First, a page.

Hackettstown’s Centenary University Receives Its First Patent for Wearable Device for Truckers

Centenary University’s competitive business team didn’t hesitate when colleges were challenged in 2016 to find an answer to safety problems in the workplace.

In a couple of months, the team had its issue and an answer — a prototype wristwatch that alerted fatigued truckers and motorists when they were driving drowsy.

The team also learned that it needed a patent, but that would take time to develop. So, after much time and tinkering, they almost called it quits a year ago.

But the university, founded in 1867 and located in Hackettstown, finally secured its patent in April, five years after starting the process, according to Linda Poisseroux, assistant professor of business and director of Enactus, the competitive business team.

It was the university’s first patent. “We were told that, for you to be taken seriously, you need to protect your idea and invention and it will be more likely to attract manufacturers and investors,” Poisseroux said.

“We contacted different engineers to come to the classroom, and reached out to other universities to see if they might be interested in collaborating on this. We found out that, without a patent, a nonprovisional patent, it was really difficult to secure cooperation,” she said.

“In July 2020, we received a letter that all 20 of our patent claims were denied,” she recalled. “We pretty much crashed at that point.”

Four years earlier, Poisseroux and her team were far from that low point, as the search for a problem to solve began with a student whose mother worked as a safety director at a trucking company.

“We asked her about the company’s biggest concern, especially with all the hours that the drivers are putting in on the road,” Poisseroux said.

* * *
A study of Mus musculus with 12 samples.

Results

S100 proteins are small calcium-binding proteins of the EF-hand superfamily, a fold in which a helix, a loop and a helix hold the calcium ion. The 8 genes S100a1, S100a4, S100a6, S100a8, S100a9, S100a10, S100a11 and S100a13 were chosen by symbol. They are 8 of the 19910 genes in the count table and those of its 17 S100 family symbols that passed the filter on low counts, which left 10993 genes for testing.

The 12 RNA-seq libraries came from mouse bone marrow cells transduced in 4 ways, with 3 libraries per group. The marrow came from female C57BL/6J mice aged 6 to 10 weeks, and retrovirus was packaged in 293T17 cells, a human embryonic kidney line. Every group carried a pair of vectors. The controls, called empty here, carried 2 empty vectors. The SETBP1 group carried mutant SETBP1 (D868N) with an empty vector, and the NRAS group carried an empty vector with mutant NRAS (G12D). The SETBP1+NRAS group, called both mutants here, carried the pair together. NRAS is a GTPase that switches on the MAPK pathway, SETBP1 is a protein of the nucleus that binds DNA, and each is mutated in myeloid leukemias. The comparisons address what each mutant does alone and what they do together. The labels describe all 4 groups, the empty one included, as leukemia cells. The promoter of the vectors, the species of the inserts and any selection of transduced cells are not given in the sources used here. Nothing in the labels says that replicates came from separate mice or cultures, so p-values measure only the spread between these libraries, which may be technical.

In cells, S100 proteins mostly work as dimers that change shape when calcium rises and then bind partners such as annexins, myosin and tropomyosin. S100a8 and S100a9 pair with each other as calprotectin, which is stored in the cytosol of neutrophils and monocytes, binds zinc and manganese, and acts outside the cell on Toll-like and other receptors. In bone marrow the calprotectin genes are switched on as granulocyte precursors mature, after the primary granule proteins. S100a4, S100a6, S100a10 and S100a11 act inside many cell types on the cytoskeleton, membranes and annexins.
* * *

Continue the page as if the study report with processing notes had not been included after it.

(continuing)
“Drivers don’t always know when they’re drowsy and don’t realize the dangers of driving when they’re drowsy,” she said. “We had to find out what wearable technology could help them.”

The team looked for technology that detected electrodermal activity, which is biofeedback measuring the electrical characteristics of the skin.

The students found a device in Russia that could measure electrodermal activity, but it was a ring that fit over two fingers, which would be uncomfortable for long-haul truck drivers. “That technology in Russia fit on two fingers, and had a big plastic casing. It was kind of clumsy and not really suitable for long-haul driving.”

The students took the Russian version, added several other sensors to it, and transformed it into a wrist device with sensors and a logic board. The wristband measured changes in skin conduction, temperature and sweat to gauge the states of fatigue.

“There was nothing here in the U.S. on the market like this,” Poisseroux said. “Our prototype will vibrate and sound an alarm when fatigue sets in.”

The process hit bumps along the way, however, and last December the team was not so optimistic after meeting with a patent attorney.

On his advice, “the students went back and edited the claim, rearranging the claims and highlighting the addition of an optical sensor to the device. The team received news of the patent’s approval in April,” she said.

During the process, one source of funding had been canceled, but that did not sour her students on the project. The team then won a $5,000 prize at the Ford Innovate Mobility Challenge in 2017.

“That was exciting because we were up against peers from Brazil, from Ghana, from Egypt,” she said. 

“With that $5,000 that we won, it actually paid for our attorney fees to apply for our patent.”

The team is eyeing the next move for the patent. The options include further prototyping to advance their product, licensing or selling the patent, she said.

The inventors listed on the patent include Poisseroux; Kyle Maris, class of 2017; class of 2019 graduates Jeff Rottingen and Colin Hudson; as well as Heriberto Medina Jr., class of 2020.

To Ryan Lloyd, a junior who joined the team in September, “Microsleep is a real danger when it comes to driving,” but “this electrodermal activity can be used to detect when that’s about to happen.”

Poisseroux noted, “Our main goal as social entrepreneurs is to ask what can we bring to the community, to people anywhere, who need help.”

“Drowsy driving is a big concern in our country. It’s almost as bad, if not worse, than drinking and driving,” she added. “So, we feel really passionate about trying to help people stay safer on the road.”